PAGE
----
Wenatchee Farmers Market expanding its reach, developing programs, creating community
There is no substitute in a community for face-to-face interactions that bring people together for the common good.
For Britany Meiklen, the executive director of the Wenatchee Valley Farmers Market, that’s the magic she sees every Thursday and Saturday in the parking lot at Pybus Public Market. “I think we can all agree (that) with recent events we have been shown that America is pretty divided. The farmers market is one place where there is no division,” she told me. “People come together, people are friendly, people help each other…. it is a good place,” she added.
Meiklen caught the local food bug by taking an online course, which ultimately led to a degree in sustainable agriculture. She farmed land in Skagit County and was part of Viva Farms, an incubator operation that helped new farmers get started and learn the ropes. “I engulfed myself in the agricultural world,” said Meiklen.
Three years ago, she and her husband moved to the Wenatchee Valley and one of the first things she did was search out the farmers market. The executive director job came open, and she was hired.
So many aspects of the farmers market make this job a perfect fit for her skills and passions.
Local food promotes the health of community members, for starters. The market also supports an endangered species — the small local farmer, brings together people of all ages to share in the experience of learning about local food and those who produce it, and creates an atmosphere where people can relax and enjoy music in the open air. It’s also a place of sharing conversations and building relationships.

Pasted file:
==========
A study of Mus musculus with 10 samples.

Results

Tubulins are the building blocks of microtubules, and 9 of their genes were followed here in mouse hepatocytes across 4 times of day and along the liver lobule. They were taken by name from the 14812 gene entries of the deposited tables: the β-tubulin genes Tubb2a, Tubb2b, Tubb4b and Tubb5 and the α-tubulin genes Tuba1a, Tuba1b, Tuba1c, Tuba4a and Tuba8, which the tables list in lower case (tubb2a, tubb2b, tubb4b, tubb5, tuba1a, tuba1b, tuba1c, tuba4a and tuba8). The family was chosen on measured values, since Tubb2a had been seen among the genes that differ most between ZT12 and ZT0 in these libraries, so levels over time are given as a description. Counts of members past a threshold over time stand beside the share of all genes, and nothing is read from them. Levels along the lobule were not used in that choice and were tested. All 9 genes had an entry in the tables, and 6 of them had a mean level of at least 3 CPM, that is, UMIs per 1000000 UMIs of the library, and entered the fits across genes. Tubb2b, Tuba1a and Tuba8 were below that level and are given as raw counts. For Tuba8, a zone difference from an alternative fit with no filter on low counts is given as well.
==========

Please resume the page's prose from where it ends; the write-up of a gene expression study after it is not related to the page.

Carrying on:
Meiklen also loves the waterfront and the connection to historic downtown Wenatchee. “Wenatchee is a really cool area,” Meiklen told me.
The market is launching successful new programs, developing partnerships and is even considering developing an incubator farm.
The numbers are growing, the self-described data junkie told me. On one Saturday last season, more than 4,000 people visited the market.
The Thursday market collaborates with Run Wenatchee’s weekly run — a perfect marriage of exercise and nutrition. Last year, the market launched Power of Produce, a club for kids from 5-12 that provides food-related activities. “Some of these kids turned out to be real foodies,” Meiklen marveled.
To help spread the benefit of locally grown, fresh produce, the market started a Fresh Bucks program that allows low-income individuals to get 40 percent more for their money.
The outreach to the Latino community is continuing. “This is a place for everyone,” Meiklen said.
Besides farmers, the market has a lot of processors providing fresh bread, meat, fish and cheese, to name a few.
The farmers market is a perfect place for someone who is just getting started in preparing fresh meals. To that end, they’ll be offering cooking demonstrations at both the Thursday and Saturday markets this year.
The Wenatchee Valley Farmers Market is an example of grass-roots community building. It succeeds because the vendors, volunteers, board and customers are all invested in developing this community asset.
When lots of people look for ways to help make the community a better place, magical things happen.
The Wenatchee Valley Farmers Market opens Saturday, May 13, from 8 a.m. to 1 p.m. The Thursday Market opens June 15, from 3-7 p.m.